The home invasion movie genre is a well worn track by this point, with dozens of films having been produced over more than a century of cinema, but a relative minority of these feature female characters in anything other than the role of helpless victim. Shaun, the female lead of James McTeigue’s latest film Breaking In, may be the victim, but she is anything but helpless.
Following the death of her father, Shaun and her two children Jasmine and Glover have journeyed to his surprisingly well-secured home to get it ready to be sold. While there they are ambushed by four men seeking a safe full of money that is rumoured to be hidden somewhere inside the house. Her children held hostage, her home invaded by strangers, Shaun is trapped outside and must find a way back in.
In some ways, the plot treads well worn ground. There are overtones of Panic Room, Don’t Breathe and even Die Hard, but it’s executed well with hardly any flab or wasted space to speak of. There’s little time spent dwelling on family drama or tragedy because this story focuses entirely on what a mother will do to protect her children. For me the big draw is the lead character. Her role could just as easily have been played by a man, and that is a very good thing. No punches are pulled, no compromises are made in the storytelling, she is not a side character, this story is entirely about her. It was a genuine pleasure to watch a film where the lead role could just have easily have been written for a man as much as a woman, even the name is gender ambiguous in this context and Hollywood as a whole would benefit from more writing like this.
The action scenes are as energetic as any involving a male lead; the violence as intense. Sometimes when you see a man fighting a woman in a film like this, they treat them differently. Rather than punches there’s slapping, backhanding, pushing them as if they are nowhere near as great a threat as another man might be. That is most certainly not the case here with the scenes of violence every bit as potent and no punches pulled. Literally.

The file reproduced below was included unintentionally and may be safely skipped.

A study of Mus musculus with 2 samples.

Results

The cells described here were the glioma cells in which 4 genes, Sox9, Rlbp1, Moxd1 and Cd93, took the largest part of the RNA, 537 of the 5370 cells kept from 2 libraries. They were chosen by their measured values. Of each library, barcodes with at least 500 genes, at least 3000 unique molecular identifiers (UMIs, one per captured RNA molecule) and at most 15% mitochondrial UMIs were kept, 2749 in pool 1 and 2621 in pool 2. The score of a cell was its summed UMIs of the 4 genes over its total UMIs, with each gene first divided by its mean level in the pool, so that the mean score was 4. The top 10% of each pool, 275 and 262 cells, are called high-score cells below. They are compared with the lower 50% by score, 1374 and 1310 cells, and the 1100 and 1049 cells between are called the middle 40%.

Our lead here is played by Gabrielle Union – who has also appeared in Bad Boys 2, Sleepless, Being Mary Jane and many others – and here she gets to play an almost John McClane-esque character; strong and self-resilient when trapped alone against superior odds, and she sells the role perfectly. She is utterly believable as a woman driven to extreme measures in defence of her family.
Our other main character is the defacto leader of our home invaders, Eddie, played here by Billy Burke who will likely be most well known as Bella Swan’s father from the Twilight series or perhaps as Miles Matheson from the TV series Revolution. Again the Die Hard parallels rear their heads with more than a hint of Hans Gruber’s cool, almost detached air of confidence and control coming across in all his scenes. Only near the end does that facade of calmness begin to slip as his plans are repeatedly stymied by Shaun’s efforts.
Breaking In will not set the cinematic world on fire, it will not revolutionise the genre of home invasion movies, but what it will do is entertain and hold the audience’s attention from start to end as they are drawn into a well shot, tightly written and smartly executed story of one woman fighting against the odds. At a running time of a mere 88 minutes this is a movie well worth finding the time for.